Our selection of interesting news and opinion from the day's newspapers.

23/11/2016 7:47 AM IST | Updated 23/11/2016 9:00 AM IST
Congress Vice President Rahul Gandhi at Parliament on November 21, 2016 in New Delhi, India. (Photo by Arun Sharma/Hindustan Times via Getty Images)

The Morning Wrap is HuffPost India's selection of interesting news and opinion from the day's newspapers. Subscribe here to receive it in your inbox each weekday morning.

Essential HuffPost

Since Prime Minister Narendra Modi announced his government's plan to demonetise higher currency notes, the Opposition has taken umbrage to it. The protests, mockery and slanging matches on media continued at the winter session of the parliament. With frequent adjournments and abysmal level of debate, has the Opposition helped Modi win the battle of public perception on demonetisation? The answer, it would seem, is partially in the affirmative if we were to go by the results of the HuffPost-BW-CVoter survey, which says 87% Indians think the move is hurting those with black money and 85% believe the trouble they are facing is worth the outcome of the decision.

TS Sudhir explains why PM Modi must listen to the advice of N. Chandrababu Naidu, the chief minister of Andhra Pradesh, who had initially hailed demonetisation as a noble idea, only to be quickly disenchanted by the implementation of the process. The supporters of his Telugu Desam Party (TDP) in the state are not only unhappy with the current cash crunch but are singing ditties to register their protests.

Where do you stand in the wealth pyramid in the country and does Facebook know everything about your status? Check out our interactive story to see what your annual income says about your place among your fellow citizens and how the social media giant is trying to use that information to help advertisers target you in a more focused manner.

Main News

To strengthen the government's crackdown on black money, India has signed a deal with Switzerland to end the secrecy around accounts in Swiss banks. The agreement will facilitate the flow of financial information between the countries. This measure is among a slew of others taken this month to curb the movement of wealth into overseas or other forms to evade income tax payment.

With the killing of three Indian soldiers, one of whom was mutilated, the Machhil sector has exposed its vulnerability once again. Located at more than 6,500 feet, it is full of dense forests and the weather there is mostly "inhospitable". This report explains why this is a favoured entry point for militants to infiltrate into India.

With the prevailing cash crunch, users of mobile and Internet wallets as well as other pre-paid payment options have been permitted to reload a credit balance of up to Rs 20,000 a month — which is twice the existing limit — as part of the government's move to encourage digital payments.

Off The Front Page

M Balamuralikrishna, a legend of Carnatic classical music, passed away at the age of 86. An outstanding vocalist as well as violinist, he won many recognitions, including the national award for the best playback singer, music director and classical singer. He was also awarded the Sangita Kalanidhi award of the Music Academy and was a recipient of France's Chevalier of the Ordre des Arts et des Lettres.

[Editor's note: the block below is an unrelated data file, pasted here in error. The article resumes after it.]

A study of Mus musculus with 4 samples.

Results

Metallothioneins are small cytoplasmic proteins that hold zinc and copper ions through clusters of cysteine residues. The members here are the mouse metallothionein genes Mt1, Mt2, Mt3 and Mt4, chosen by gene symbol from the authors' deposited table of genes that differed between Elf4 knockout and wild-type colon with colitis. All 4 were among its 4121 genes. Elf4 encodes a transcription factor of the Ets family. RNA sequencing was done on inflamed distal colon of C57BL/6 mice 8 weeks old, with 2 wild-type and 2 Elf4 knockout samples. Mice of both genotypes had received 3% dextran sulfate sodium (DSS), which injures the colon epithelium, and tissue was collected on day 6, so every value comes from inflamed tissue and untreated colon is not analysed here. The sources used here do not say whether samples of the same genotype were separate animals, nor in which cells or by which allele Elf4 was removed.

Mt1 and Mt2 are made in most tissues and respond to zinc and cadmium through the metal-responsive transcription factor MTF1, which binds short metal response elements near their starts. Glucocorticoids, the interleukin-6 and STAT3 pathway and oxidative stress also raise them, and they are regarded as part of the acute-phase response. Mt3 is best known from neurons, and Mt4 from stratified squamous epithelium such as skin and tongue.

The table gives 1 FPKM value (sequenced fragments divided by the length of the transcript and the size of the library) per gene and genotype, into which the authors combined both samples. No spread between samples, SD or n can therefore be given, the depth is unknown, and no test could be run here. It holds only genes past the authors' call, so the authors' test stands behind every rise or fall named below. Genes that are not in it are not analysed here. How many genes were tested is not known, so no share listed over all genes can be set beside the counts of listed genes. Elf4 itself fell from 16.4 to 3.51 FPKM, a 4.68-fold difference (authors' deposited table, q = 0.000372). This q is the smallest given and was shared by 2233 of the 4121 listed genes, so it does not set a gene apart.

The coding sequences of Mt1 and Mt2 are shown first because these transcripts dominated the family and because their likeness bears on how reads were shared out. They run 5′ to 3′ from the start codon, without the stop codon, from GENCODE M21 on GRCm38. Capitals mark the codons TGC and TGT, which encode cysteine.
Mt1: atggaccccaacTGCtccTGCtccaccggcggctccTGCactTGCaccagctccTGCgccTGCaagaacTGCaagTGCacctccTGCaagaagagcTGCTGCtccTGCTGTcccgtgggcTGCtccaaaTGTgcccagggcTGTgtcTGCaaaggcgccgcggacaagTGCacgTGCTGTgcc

While addressing MPs from the Bharatiya Janata Party (BJP), the prime minister is believed to have cried a few times — "the number varied between once and thrice", according to this report — thinking of the plight of the poor. Sources claimed Modi's voice trembled, "he choked, paused and sipped water and took off his spectacles to wipe away the tears", while he spoke to his colleagues regarding his move to demonetise high currency notes.

Ola cabs will be offering entertainment in the form of movies and music played on tablets to passengers travelling by their cars. This feature, which will be rolled out by March next year, will be available to Ola Select users in Bengaluru, Mumbai and Delhi, but will be introduced in all Ola cabs in the next 12 months for no extra costs to passengers.

Opinion

Contrary to the government's claims, a cashless economy may not necessarily be a deterrent to terrorism, Vappala Balachandran writes in The Indian Express. "In November 2014, CNBC conducted a survey of the 10 top "cashless" societies," he goes on to explain, "It found Belgium to be the world's top cashless society... France was second, then Canada, the UK, Sweden, Australia, Holland, the US, Germany and South Korea." As it happens, Belgium and France were also the worst victims of indigenous and trans-border terrorism, which indicates that it can only be substantially beaten by stronger counter-terrorism measures.

In Mint, Bobby Ghosh writes about the silence of former office-holders about their successors, beginning with the example of Barack Obama and Donald Trump. "If quietude can be a failure in a leader under the political spotlight," he writes, "reticence is a virtue in one who has exited from the stage." To understand this, he adds, Obama may look no further than India's former Prime Minister Manmohan Singh's career.

In the Hindustan Times, Himadri Gupta pays tribute to Prof MGK Menon, "a brilliant high energy particle physicist and an institution builder of Indian science", who passed away yesterday at the age of 88. Through a survey of his life and work, the obituary gives a sense of an extraordinary mind and the contributions it made globally in science.